SEOUL, Oct. 16 (Korea Bizwire) – Recent reports that Chinese TV networks had outright plagiarized variety show content from their South Korean counterparts has some questioning whether the domestic industry is any better.
Variety shows are a form of reality show in which participants, usually celebrities, partake in a number of activities, ranging from traveling and cooking to even training for months to perform a WWE-esque wrestling performance before hundreds of fans.
The shows have steadily earned increasing popularity not just at home but abroad, with hit shows like SBS’ Running Man and MBC’s Infinite Challenge forming a part of the Korean cultural fabric.
On October 4, the National Assembly’s Science, ICT, Broadcasting and Communications Committee stated that data obtained from the Korea Communications Commission showed that there had been 29 cases of plagiarism committed by the Chinese.
The Korean networks plagiarized from were KBS (5), MBC (2), SBS (9), JTBC (4), MNET (3) and tvN (6).
Some specific examples mentioned by Assemblyman Kim Sung-su were Shenzhen TV’s Kitchen’s Secrets, ‘inspired’ by JTBC’s Please Take Care of my Refrigerator, and Hunan TV’s Life Yearned For and Dear Visitor, near doppelgängers of tvN’s Three Meals a Day and JTBC’s Hyori’s Homestay, respectively.
Using the Chinese government’s ban on Korean cultural products as an excuse, networks are blatantly ripping off ideas and settings from many of South Korea’s most beloved shows.
Locally, industry experts believe that the issue of plagiarism started to become a severe problem once the Chinese government imposed shackles on Chinese networks’ ability to import content that corresponded to specified formats.
As is the case, allegations of imitation at best and plagiarism at worst by the country’s next door neighbors have been met with a familiar feeling of mild outrage followed by a shrug of the shoulders that can be interpreted as mild apathy or tacit acknowledgement.
What the revelations have done is shed light on the local scene, only to find that the hodge podge of networks and their variety shows are but a cut above the plagiarism employed by the Chinese networks.
KBS, a major network, has been one of the more egregious offenders in this category. Aping popular shows but inserting just enough variance into the programming to use as a shield against allegations of plagiarism, the network has consistently attracted criticism for its variety shows.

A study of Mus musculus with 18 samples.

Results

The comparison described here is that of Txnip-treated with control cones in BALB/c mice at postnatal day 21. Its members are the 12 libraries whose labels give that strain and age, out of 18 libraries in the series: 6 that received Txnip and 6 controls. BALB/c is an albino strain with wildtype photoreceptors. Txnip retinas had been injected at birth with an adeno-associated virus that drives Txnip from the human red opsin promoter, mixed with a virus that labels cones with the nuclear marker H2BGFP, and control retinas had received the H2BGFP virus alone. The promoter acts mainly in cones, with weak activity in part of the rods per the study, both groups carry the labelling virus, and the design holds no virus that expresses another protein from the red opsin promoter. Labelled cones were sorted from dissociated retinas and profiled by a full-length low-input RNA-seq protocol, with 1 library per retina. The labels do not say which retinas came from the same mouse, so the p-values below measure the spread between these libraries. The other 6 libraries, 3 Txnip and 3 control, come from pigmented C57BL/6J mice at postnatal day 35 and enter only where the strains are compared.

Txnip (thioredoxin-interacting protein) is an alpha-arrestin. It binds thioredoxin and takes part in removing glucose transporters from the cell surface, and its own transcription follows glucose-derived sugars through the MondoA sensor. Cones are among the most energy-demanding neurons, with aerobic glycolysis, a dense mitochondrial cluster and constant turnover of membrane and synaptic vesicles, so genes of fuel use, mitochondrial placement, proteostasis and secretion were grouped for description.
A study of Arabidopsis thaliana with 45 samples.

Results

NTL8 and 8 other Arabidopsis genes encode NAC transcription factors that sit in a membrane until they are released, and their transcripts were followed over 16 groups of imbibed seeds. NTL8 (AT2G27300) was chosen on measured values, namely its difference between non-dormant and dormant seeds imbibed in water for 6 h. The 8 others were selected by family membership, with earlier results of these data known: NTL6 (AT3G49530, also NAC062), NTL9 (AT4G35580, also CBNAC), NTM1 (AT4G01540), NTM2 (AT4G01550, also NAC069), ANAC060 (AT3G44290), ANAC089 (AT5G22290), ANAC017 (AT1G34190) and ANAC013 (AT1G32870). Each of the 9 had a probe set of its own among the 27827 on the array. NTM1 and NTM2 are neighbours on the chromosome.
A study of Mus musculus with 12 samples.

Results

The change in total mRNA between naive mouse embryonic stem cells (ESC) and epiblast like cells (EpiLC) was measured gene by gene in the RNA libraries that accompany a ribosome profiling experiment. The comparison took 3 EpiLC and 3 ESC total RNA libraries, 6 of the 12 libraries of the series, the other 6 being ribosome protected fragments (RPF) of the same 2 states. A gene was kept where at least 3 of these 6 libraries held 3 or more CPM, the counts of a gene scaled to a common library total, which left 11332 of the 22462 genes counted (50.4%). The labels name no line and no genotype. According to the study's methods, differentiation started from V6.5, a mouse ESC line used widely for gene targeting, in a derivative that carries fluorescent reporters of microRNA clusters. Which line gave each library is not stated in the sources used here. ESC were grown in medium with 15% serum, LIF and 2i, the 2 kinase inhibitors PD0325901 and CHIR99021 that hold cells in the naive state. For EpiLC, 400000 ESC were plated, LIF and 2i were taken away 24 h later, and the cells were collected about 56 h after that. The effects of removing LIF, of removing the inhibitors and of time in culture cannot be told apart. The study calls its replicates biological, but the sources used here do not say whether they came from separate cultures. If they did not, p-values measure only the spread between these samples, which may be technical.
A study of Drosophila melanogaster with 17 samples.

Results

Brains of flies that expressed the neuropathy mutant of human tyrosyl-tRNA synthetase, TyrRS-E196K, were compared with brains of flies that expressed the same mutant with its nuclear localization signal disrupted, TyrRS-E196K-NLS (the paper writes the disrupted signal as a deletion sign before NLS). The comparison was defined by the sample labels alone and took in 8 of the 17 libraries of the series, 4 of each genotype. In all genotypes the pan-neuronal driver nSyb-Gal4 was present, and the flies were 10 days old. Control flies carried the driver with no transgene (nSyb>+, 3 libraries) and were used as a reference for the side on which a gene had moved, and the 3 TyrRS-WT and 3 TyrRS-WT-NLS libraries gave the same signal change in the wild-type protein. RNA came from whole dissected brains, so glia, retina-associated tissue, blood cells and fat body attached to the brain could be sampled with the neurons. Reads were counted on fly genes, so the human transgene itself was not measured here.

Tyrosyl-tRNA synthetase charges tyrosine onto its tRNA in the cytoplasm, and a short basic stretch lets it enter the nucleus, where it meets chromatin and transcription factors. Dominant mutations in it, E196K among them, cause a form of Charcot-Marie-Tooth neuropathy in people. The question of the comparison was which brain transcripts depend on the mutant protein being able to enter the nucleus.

KBS 2TV’s May I Sleep Over resembles JTBC’s Wednesday night program Let’s Eat Dinner Together almost to a T. The only difference is that the latter shows two or more celebrities wandering the streets of Seoul, knocking on doors and asking the residents if they can come inside for a meal, whereas the former shows celebrities going abroad and asking for lodging by knocking on doors.
The show has gained derision not only for its borderline plagiarism, but also for causing what the online community has dubbed an ‘international nuisance’, pointing out that providing a meal might be a slight inconvenience, but offering sleeping quarters to a complete stranger can be extremely intrusive.
Another KBS show that has come under some criticism is I Came Alone, which resembles Channel A’s Heart Signal, both of which are centered on showing the lives of a group of 20-somethings living under one roof. The only meaningful difference between the two? The KBS variant is set in a foreign country.
Other alleged transgressions include KBS 2TV’s Year of the Dragon Club featuring celebrities born in 1976. It borrows its format from shows like tvN’s Youth Over Flowers, a show showing 40-something musicians traveling, and Youn’s Kitchen, a show of a group of celebrities who open a small restaurant in a tourist hotspot abroad.
KBS, though perhaps the most frequently accused, is not the only major network that has come under fire for shows bearing uncanny similarities to on-air programs.
Teasers for SBS TV’s A Little Crazy is OK have already drawn accusations of stealing from the well-established I Live Alone on MBC, which follows the lives of individual celebrities in their homes and at work and leisure.
Even cable network tvN, usually the victim, has not escaped suspicion after it began its music program Suspicious Singer, which is being compared to MBC’s King of Mask Singer, a show that has aired since 2015.
Those in the industry believe the current trends of copying back and forth are likely to persist for some time.
“As cable and TV programming channels have become more energized, lots of observation-based variety shows that go a long way on a small production budget were released, which became more popular and valuable than expected, creating a situation where the major networks also decided to jump in,” an industry veteran explained under condition of anonymity.